By July 30, 2020Commentary

Five months too late, modelers have finally realized that there is high degree of variability in susceptibility to infection by CV and in infectiousness.  This paper is the latest in that line of research.  (Medrxiv Paper)   Without going into the math, the authors developed a model which incorporated persistent heterogeneity, which they attribute to social and biologic factors.  Their conclusions were that such models, which likely are truer to life, have three major consequences:  the early epidemic dynamics are different; the proportion of infected people to achieve population immunity is lower; and the total number of people infected is lower.

Continuing from a theme in the last post, this paper also relates to transmission and infection by the current coronavirus, in particular understanding why in some cases this one seems to result in more serious illness.     (Medrxiv Paper)   I am fascinated by the science of this and thinking about how infection actually occurs and what it means to be infected.  The paper in the earlier post dealt with the virus’ progress in nasal passages and other parts of the respiratory tract and estimated a very low infectious dose.  This paper explains why that may be.  The researchers identified a simple mutation in this coronavirus strain’s RNA that appears to lead to binding with ACE receptors 100 times stronger than the binding of other coronaviruses.  That means the virus is capable of remaining attached to a cell for a longer period of time, permitting entry into the cell where replication can occur.  Another fascinating piece of research.

And another study relating to transmission, this one simulating the spread of aerosols by an infected person.  (JAMA Study)   This is not an actual experiment or even a quasi-experiment, more like a thought experiment.  The setting was a closed room, not well ventilated, with an infected person and uninfected ones.  A coughing infected person would put multiples of the virus into the room compared to a normally breathing person.  They concluded that an infected person with a normal viral load just breathing even in their hypothetical space would pose a low infectiousness risk, but a cougher would pose a pretty high risk.

Seasonality or at least geographic variability seems to be a feature of the epidemic.  Weather factors would be the logical suspect.  This is another piece of research, from China, attempting to ascertain relationships between temperature, humidity and infections.  (Medrxiv Paper)   The researchers examined 1236 regions in the world, collecting weather data, information about their epidemic and socio-economic data.  The conclusions were that for every 1 degree increase in temperature, daily cases would be down 2.88% six days later (presumably reflecting incubation period).  And for every percentage point increase in relative humidity, cases would be down .19% six days later.  I am not buying it, mostly because no one knows how many cases there are in any one place and testing and other factors don’t allow for some universal estimate across regions.  So there is no accurate way to develop a relationship between cases and other factors across the world.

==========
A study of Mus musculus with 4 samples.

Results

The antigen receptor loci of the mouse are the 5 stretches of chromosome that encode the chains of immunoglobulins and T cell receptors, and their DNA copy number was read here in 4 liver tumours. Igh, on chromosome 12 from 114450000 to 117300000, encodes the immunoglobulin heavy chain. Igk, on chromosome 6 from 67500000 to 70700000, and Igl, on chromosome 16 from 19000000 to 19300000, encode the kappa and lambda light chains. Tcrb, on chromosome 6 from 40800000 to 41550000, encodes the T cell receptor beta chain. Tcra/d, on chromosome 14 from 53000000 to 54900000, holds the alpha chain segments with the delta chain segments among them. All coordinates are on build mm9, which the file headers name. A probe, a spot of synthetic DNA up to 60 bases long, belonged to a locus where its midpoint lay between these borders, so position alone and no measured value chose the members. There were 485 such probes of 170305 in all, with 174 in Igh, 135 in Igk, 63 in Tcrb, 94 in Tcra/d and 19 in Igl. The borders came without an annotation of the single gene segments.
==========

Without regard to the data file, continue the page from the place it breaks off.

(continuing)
As we know here in Minnesota, properly counted, long-term care residences are the source of well over half of all CV fatalities in the country.  This study looked at factors relating to the serious of the outbreak in various nursing homes.  (JAMA Article)   23 states were included.  There were not significant rating differences between facilities that did and didn’t have cases, in fact those with cases had slightly higher quality ratings on some measures.  There also were not significant staffing differences.  But there were more deficiencies cited at facilities with cases.  Having more CV cases in the area was strongly associated with nursing home outbreaks.  For-profits were more likely to have cases, as were facilities with a higher proportion of Medicaid patients.

This paper looked at prevalence of infection among health care workers in Houston.  (JAMA Article)   The study was conducted by a hospital concerned about asymptomatic workers.  About 4% of staff tested positive, with a much higher rate among workers who actually were in contact with CV patients.  All these infections were asymptomatic, again pointing to the need for regular testing of health care workers to limit spread to patients or other staff.